Stepping back in fight to keep a boundary
Calls for the Scottish Government to intervene in the fight to retain the boundary of Holmhills Wood Community Park have been rejected.
Cambuslang Community Council recently called on the government to ‘call in’a planning application which sought to convert 720 square metres of park land into private gardens.
But chief planner John McNairney said this would not be possible because the proposal was not of national importance.
Submitted by householders at 3, 4 and 5 Grenadier Park, the retrospective application was approved by councillors at last month’s meeting of the local authority’s planning committee.
Mr McNairney was asked to look into the controversial planning application because local campaigners believed South Lanarkshire Council was not able to assess the application with due impartiality.
This was because the council had agreed to sell the part of the park while EU funding regulations were still in place at Holmhills; failed to consult on the sale of the land and failed to advertise the planned deviation of the local development plan.
In a response to the complaint, drafted by architect Dave Sutton, Mr McNairney said:“Ministers do have the general power to call in any live planning application, but in practice will exercise this power very sparingly, recognising and respecting the important role of local authorities.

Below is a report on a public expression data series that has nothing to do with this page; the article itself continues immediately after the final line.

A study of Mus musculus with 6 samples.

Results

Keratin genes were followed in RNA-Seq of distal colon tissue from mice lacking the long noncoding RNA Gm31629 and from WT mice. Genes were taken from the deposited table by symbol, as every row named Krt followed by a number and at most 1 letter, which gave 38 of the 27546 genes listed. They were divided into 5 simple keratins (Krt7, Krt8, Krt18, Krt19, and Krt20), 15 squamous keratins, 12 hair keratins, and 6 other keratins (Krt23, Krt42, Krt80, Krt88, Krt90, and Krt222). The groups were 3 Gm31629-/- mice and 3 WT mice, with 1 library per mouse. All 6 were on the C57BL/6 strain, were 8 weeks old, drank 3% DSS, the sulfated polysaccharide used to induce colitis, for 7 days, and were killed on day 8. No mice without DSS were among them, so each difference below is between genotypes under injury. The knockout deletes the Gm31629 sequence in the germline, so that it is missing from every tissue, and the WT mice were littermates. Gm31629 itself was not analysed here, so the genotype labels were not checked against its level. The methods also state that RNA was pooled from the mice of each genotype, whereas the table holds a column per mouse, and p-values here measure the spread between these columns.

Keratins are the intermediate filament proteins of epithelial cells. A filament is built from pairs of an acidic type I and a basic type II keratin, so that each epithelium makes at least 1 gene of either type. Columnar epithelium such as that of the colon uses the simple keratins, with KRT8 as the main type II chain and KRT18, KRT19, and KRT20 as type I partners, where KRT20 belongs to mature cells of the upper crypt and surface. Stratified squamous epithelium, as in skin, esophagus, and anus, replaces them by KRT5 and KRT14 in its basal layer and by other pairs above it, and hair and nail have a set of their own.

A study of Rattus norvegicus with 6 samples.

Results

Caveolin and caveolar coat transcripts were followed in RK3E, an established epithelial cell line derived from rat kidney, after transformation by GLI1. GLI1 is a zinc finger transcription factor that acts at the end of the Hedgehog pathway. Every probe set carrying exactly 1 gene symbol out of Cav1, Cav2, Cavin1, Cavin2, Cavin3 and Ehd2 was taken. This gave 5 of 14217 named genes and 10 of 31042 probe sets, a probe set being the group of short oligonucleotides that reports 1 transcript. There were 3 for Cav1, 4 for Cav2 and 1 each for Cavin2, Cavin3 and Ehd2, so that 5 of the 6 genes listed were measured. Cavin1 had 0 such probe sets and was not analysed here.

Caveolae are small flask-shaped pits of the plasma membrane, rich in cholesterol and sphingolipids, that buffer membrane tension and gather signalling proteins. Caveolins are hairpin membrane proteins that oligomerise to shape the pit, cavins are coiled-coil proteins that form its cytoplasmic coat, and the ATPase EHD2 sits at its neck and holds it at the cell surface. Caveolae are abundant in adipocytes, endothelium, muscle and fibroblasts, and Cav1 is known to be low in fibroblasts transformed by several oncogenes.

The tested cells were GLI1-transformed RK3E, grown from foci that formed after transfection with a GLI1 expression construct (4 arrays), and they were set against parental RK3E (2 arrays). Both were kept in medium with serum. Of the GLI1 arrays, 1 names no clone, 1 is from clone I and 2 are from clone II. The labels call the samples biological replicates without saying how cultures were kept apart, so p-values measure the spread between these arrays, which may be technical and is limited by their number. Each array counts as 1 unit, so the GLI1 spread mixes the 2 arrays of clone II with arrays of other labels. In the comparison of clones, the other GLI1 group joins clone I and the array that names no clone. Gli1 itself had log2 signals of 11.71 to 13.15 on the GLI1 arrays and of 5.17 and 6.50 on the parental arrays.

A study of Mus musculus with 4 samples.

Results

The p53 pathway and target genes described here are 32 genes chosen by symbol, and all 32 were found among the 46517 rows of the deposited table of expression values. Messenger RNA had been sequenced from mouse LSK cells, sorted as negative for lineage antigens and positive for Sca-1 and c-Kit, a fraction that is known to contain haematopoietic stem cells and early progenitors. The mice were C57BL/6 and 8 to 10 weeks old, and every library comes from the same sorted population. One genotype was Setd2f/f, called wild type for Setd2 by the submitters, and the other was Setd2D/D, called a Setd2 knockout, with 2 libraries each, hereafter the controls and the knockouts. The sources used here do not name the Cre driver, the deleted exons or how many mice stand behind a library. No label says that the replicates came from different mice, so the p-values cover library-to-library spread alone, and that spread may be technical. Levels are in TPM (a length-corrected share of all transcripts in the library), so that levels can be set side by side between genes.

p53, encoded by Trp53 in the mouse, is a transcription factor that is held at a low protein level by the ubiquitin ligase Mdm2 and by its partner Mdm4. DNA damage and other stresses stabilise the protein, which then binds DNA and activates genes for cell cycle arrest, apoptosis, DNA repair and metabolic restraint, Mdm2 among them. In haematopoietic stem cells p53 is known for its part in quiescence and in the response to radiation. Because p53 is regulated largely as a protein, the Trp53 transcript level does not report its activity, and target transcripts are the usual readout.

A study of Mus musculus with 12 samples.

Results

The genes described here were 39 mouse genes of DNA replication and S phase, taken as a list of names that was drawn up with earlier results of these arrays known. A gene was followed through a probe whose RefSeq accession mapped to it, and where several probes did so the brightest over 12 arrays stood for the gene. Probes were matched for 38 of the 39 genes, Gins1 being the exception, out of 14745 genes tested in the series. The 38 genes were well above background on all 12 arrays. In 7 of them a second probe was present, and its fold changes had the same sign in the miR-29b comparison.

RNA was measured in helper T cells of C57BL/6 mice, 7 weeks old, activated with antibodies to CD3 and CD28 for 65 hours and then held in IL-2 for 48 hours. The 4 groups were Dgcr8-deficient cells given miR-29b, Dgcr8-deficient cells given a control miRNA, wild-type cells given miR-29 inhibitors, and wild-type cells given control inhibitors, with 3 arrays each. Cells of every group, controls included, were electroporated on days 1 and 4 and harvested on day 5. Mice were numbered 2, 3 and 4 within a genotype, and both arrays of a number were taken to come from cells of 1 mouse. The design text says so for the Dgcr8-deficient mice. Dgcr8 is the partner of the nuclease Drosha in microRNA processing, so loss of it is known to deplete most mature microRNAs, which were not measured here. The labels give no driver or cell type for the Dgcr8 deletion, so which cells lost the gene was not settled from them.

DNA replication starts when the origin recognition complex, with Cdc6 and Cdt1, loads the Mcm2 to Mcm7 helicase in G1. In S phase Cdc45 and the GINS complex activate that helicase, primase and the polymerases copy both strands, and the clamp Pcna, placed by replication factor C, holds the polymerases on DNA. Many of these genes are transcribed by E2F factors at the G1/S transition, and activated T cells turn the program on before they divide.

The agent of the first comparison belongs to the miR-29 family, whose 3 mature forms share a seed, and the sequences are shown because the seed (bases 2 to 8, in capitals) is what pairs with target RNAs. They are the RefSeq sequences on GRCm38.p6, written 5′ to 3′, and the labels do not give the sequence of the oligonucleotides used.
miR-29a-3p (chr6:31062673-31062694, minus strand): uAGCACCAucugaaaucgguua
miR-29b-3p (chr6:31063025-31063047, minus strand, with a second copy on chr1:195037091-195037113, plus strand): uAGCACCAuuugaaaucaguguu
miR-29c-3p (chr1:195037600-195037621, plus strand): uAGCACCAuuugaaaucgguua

“Consequently, they would only consider intervening in cases where there were issues of genuine national significance that would warrant them determining an application.
“Having fully considered the information that you have submitted, ministers do not consider there to be any grounds which merit call-in of this particular planning application for decision at a national level.”
But he added:“The fact that an application is not called in does not mean that ministers are giving approval to the proposal or agreeing with the consideration of the council.
“They are merely acknowledging that it is in the council’s area of responsibility to decide on the application and to ensure that procedural requirements are applied properly.”
Given the community council believes the council has not followed procedures for advertising the planning application, procedures attached to priority green space and the local development plan, Mr Sutton says he will be taking his complaint to the Scottish Publics Services Ombudsman (SPSO).
Mr Sutton said:“To build trust in planning process you need it to be transparent and open.
“We can and will go down the complaint of maladministration route with SPSO, but we would prefer it if the Scottish Government actually first applied its own policy for such applications - Circular 3/09 and the T&CP (Notification of Applications) (Scotland) Direction 2009.”